When Preventative Medicine Doesn’t Prevent


CMS and the social media have caught on. Preventive services are available everywhere. Protocols have been developed and revised over the last thirty years in medicine. Obviously, primary prevention is important for heart disease, hypertension, diabetes, etc.,. There is no doubt that risk factor reduction (primary prevention) is good, and early recognition (secondary prevention) makes sense in many cases.

But on the other hand, look at tests such as PSA, chest X-rays, and even mammograms. There is increasing evidence that maybe routine screening is not helpful in these situations. PSA is now NOT recommended for routine screening and the role of screening mammograms is getting muddier and muddier. What seems to be the rub?

I believe that we simply forget a fundamentally important premise in the world of prevention and wellness:

Prevention is only good if early detection makes a difference in either survival or quality of life.

If that is not the case, why use the resources to “detect” it earlier? In fact, does it make any sense to diagnose an incurable disease sooner? On the other hand, if there are medical treatments available that would effect the course of the disease, early recognition makes a ton of sense. We need to be able to truly determine whether early recognition can alter the ultimate course of the disease.

The fact is for many of our most common screening conditions, the issue is simply not straight forward. It is complicated by the fact that early detection of an otherwise incurable disease will falsely appear to increase the survival time with the disease. Known as lead-time bias, earlier detection of an otherwise incurable disease does not alter the disease course one bit, but only lengthens the time that the patient knows about it. The patient still succumbs to the disease at the same point on the time line. The actual course of the disease did not change. Lead time bias may play a big role in lung cancer screening, for example. A lesion may be detected asymptomatically on the chest X-ray or even the CT, but has the damage already been done from the perspective of survival.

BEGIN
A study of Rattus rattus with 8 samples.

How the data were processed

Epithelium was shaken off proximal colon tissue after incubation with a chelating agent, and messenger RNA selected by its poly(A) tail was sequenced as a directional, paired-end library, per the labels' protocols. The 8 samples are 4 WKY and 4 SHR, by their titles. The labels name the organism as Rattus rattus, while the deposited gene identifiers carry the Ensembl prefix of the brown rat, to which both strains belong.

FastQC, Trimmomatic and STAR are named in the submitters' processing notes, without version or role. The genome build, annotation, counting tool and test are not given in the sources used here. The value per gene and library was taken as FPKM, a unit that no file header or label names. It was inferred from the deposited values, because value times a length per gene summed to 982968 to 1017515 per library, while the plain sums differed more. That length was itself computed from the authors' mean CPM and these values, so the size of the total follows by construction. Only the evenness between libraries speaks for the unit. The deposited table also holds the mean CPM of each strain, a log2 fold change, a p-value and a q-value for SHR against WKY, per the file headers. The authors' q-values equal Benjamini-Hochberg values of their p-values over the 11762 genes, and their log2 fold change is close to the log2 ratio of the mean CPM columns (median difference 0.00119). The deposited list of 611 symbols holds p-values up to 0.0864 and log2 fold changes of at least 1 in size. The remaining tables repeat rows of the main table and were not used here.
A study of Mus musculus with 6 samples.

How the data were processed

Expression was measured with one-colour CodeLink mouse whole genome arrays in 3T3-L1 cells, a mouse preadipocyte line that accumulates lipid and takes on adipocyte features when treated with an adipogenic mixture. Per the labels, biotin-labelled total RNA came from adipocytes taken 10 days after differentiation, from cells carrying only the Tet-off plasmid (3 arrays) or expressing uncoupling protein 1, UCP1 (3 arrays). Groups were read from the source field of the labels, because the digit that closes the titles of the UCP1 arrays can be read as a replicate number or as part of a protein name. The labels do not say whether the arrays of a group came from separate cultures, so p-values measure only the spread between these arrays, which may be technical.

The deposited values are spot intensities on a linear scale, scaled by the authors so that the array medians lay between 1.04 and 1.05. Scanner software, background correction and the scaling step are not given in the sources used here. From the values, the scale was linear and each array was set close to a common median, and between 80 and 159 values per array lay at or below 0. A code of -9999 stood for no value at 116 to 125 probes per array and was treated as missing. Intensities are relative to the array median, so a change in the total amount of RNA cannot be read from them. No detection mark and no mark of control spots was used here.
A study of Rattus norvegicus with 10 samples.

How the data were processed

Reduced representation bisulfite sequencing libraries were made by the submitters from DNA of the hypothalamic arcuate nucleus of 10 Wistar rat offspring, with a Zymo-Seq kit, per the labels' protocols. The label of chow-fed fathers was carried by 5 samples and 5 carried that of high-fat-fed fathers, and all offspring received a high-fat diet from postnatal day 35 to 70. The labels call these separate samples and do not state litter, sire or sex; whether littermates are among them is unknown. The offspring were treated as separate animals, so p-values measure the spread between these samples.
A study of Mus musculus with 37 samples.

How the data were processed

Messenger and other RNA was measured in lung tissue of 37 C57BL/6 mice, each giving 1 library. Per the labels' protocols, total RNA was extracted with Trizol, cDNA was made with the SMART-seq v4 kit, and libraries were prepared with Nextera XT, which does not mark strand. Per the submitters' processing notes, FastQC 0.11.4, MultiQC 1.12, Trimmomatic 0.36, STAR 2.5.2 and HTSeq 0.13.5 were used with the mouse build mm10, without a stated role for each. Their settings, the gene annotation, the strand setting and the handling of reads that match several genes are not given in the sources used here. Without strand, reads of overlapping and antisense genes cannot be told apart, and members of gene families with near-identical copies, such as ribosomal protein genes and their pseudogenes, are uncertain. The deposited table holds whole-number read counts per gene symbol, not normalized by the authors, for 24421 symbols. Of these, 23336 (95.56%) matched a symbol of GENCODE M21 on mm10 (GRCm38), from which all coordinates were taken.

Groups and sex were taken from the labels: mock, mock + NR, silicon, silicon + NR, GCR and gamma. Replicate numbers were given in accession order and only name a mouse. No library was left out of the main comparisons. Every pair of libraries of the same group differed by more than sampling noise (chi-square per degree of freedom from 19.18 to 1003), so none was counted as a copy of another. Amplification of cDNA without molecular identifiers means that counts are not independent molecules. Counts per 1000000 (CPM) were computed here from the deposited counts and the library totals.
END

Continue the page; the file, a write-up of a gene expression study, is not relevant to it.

The best end point to evaluate the role of prevention and early detection is the age-adjusted mortality. If we do not improve that number, the prevention process did no good. We have improved the age-adjusted mortality for some cancers, but not for others. We need to continue to revise our protocols for prevention keeping that end point in mind.

Prevention is good, but only if the early detection makes a difference for the patient. Otherwise, prevention does not really prevent.